A migraine results in a pulsating sensation or a severe throbbing pain, usually on single side of the head. The headache due to migraine is often associated with symptoms of vomiting, nausea and extreme sensitivity to sound and light. Migraine can result in significant attacks of severe pain for hours to days and the severity of the pain is so much that it is disabling. Warning symptoms referred to as aura may occur with or before the headache. These symptoms may include blind spots, flashes of light or tingling in your leg, arm or one side of the face. What causes migraine?
What Causes Migraines?
The cause of migraine is unclear. According to a popular theory, the blood vessels in the brain go into spasm or become narrower, which causes the symptoms of the aura. Soon afterwards, the blood vessels dilate, which causes the headache.
However, this theory does not explain the whole story and may not be the main reason behind the migraine attack. Now it is thought that the activity of certain chemicals in the brain is increased and confusion signals are sent out from parts of the brain, which results in symptoms. What exact change occurs in brain chemicals is not known. It is also unclear why these changes develop in people suffering from migraine.
Trigger Factors of Migraine
Though it's not clear to know what causes migraines, many possible triggers of migraine have been suggested such as hormonal, physical, emotional, dietary, medicinal and environmental factors.
Some females have migraine attacks at the time of their menses, possibly due to changes in hormonal levels such as estrogen levels during this time. These types of headaches usually happen between 2 days before your periods begin and 3 days after your periods end. Some females experience migraine headaches only during this time, their headache is referred to as pure menstrual migraine. However, majority of the females also have them at other times.
In many females migraine headaches may improve post menopause, although, in some females, migraines may be triggered or made worse by menopause.
- Poor posture
- Jet lag
- Hypoglycemia (Low blood sugar)
- Poor-quality sleep
- Tension in shoulder or neck
- Strenuous exercise, in persons who are not used to it
- Drinking alcohol
- Delayed, missed or irregular meals
- Tyramine, a food additive
- Caffeinated beverages such as coffee and tea
- Specific foods including citrus fruits, chocolate and cheese
- Smoking or rooms full of smoke
- Loud noises
- Bright lights
- Strong smells
- Changes in weather such as very cold temperatures or changes in humidity
- A stuffy atmosphere
- Flickering screens including computer or television screen
Medicines That Act as Triggers
- Certain kinds of sleeping pills
- HRT (hormone replacement therapy), which is sometimes utilized in certain females to relieve symptoms of menopause
- The combined contraceptive pill
After discussing what causes migraines and the triggers of migraines, let’s discuss factors that raise your risk of getting migraines.
Factors That Raise Your Risk of Getting Migraines
Headache will not occur in every person who is exposed to a trigger factor. However, some persons are more sensitive to the triggers. There exist several risk factors that raise your risk of getting migraines. These are:
Migraines may first occur at any age. However, majority of the individuals will have their first headache during adolescence. Usually migraines improve after the age of 30.
You are at risk of having migraine if any of your close family members suffers from it. In fact, 90% of the patients suffering from migraine have a positive family history of migraine headache. Your risk of getting it is higher if both or one of your parents has a history of the disease.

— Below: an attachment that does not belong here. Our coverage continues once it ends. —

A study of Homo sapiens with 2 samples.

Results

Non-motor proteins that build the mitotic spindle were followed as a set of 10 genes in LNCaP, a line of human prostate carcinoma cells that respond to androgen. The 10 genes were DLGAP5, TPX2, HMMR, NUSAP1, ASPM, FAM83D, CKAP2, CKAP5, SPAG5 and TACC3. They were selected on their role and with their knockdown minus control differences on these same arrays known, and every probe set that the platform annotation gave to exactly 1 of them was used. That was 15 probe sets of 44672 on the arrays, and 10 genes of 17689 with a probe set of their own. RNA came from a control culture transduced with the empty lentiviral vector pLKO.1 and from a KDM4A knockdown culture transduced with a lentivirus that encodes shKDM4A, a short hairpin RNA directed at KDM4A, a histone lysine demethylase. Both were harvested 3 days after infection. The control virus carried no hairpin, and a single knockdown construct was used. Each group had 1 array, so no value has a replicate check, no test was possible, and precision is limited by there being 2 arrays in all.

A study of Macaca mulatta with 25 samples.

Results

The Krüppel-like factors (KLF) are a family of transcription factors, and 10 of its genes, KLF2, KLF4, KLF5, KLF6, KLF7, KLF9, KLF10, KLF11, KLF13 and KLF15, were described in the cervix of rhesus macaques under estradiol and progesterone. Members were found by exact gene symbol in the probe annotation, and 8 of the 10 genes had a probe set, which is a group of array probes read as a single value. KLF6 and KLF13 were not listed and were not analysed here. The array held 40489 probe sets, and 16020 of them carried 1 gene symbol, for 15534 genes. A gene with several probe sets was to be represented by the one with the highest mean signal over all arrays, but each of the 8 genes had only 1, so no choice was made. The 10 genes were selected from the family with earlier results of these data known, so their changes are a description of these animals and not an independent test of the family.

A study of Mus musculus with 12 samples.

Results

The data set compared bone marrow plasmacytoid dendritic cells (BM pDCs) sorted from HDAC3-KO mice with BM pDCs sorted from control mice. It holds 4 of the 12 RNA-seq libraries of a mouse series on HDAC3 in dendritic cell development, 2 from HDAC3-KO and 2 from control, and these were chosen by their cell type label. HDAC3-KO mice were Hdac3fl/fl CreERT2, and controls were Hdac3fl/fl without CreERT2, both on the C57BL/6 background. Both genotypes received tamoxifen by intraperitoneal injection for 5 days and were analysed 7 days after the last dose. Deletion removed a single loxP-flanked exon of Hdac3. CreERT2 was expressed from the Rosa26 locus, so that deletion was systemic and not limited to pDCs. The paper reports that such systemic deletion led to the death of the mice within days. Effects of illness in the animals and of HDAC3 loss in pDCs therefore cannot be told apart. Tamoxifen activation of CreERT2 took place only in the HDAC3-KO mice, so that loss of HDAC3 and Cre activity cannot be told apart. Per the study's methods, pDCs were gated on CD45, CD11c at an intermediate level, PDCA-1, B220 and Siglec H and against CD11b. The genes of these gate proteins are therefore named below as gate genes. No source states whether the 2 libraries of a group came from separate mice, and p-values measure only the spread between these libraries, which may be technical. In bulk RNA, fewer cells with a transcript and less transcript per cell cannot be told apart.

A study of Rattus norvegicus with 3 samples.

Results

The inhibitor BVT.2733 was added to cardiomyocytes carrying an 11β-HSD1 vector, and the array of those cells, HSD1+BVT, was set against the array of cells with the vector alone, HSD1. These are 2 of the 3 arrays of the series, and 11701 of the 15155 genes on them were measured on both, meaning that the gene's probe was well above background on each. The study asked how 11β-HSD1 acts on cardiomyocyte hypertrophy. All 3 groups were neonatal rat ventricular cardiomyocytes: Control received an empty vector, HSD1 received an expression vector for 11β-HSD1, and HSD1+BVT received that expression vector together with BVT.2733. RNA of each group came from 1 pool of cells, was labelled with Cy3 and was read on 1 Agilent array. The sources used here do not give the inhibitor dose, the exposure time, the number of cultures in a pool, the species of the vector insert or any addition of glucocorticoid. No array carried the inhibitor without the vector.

During childhood, boys are more likely to get migraine headaches than girls. However, after puberty, females are 3 times more likely to develop the headache than males.
When to See a Doctor for Migraine
Visit your physician if any of the below mentioned symptoms occur:
- A change in severity, frequency or features of the headache commonly experienced
- A new, consistent headache that does not get better
- A headache caused by sneezing, coughing, bearing down, straining while passing stool, or any type of physical straining
- Significant unexplained weight loss
- Paralysis or weakness that remains after the headache
Visit an emergency room if any of the below mentioned symptoms occur:
- A headache of sudden onset and worst than ever
- Headache along with loss of consciousness or trauma or injury to the head
- Stiff neck or fever with headache
- Confusion or reduced level of consciousness
- One sided paralysis
How to Deal with Migraine
What causes migraines? It has been discussed. How can you manage migraine?
Try Home Remedies
- Use a cold compress on the affected area.
- Rest with pillows supporting the neck or head.
- Rest comfortably in a room where there is no sensory stimulation (from odors, light and sound).
- Reduce your stress levels.
- Drink moderate quantities of caffeine.
Take OTC Medicines
- NSAIDs (Nonsteroidal anti-inflammatory drugs): These include drugs such as ibuprofen, aspirin and naproxen. NSAIDs should be avoided by persons who have a history of bleeding from stomach. Ask your physician about possible interactions with other medicines if you are taking any other drugs.
- Tylenol (Acetaminophen): This drug may be taken safely with NSAIDs for additional effect. It should not be taken if you are suffering from liver diseases or ingest 3 or more alcoholic drinks per day.
- Combination medicines: Certain OTC pain killers have been approved to be used in migraine. These are Excedrin Migraine, which has aspirin and acetaminophen in combination with caffeine. You can get a similar effect by taking 2 aspirin or acetaminophen along with a cup of black coffee.
If the pain is not relieved by the above mentioned ways, visit your physician for help.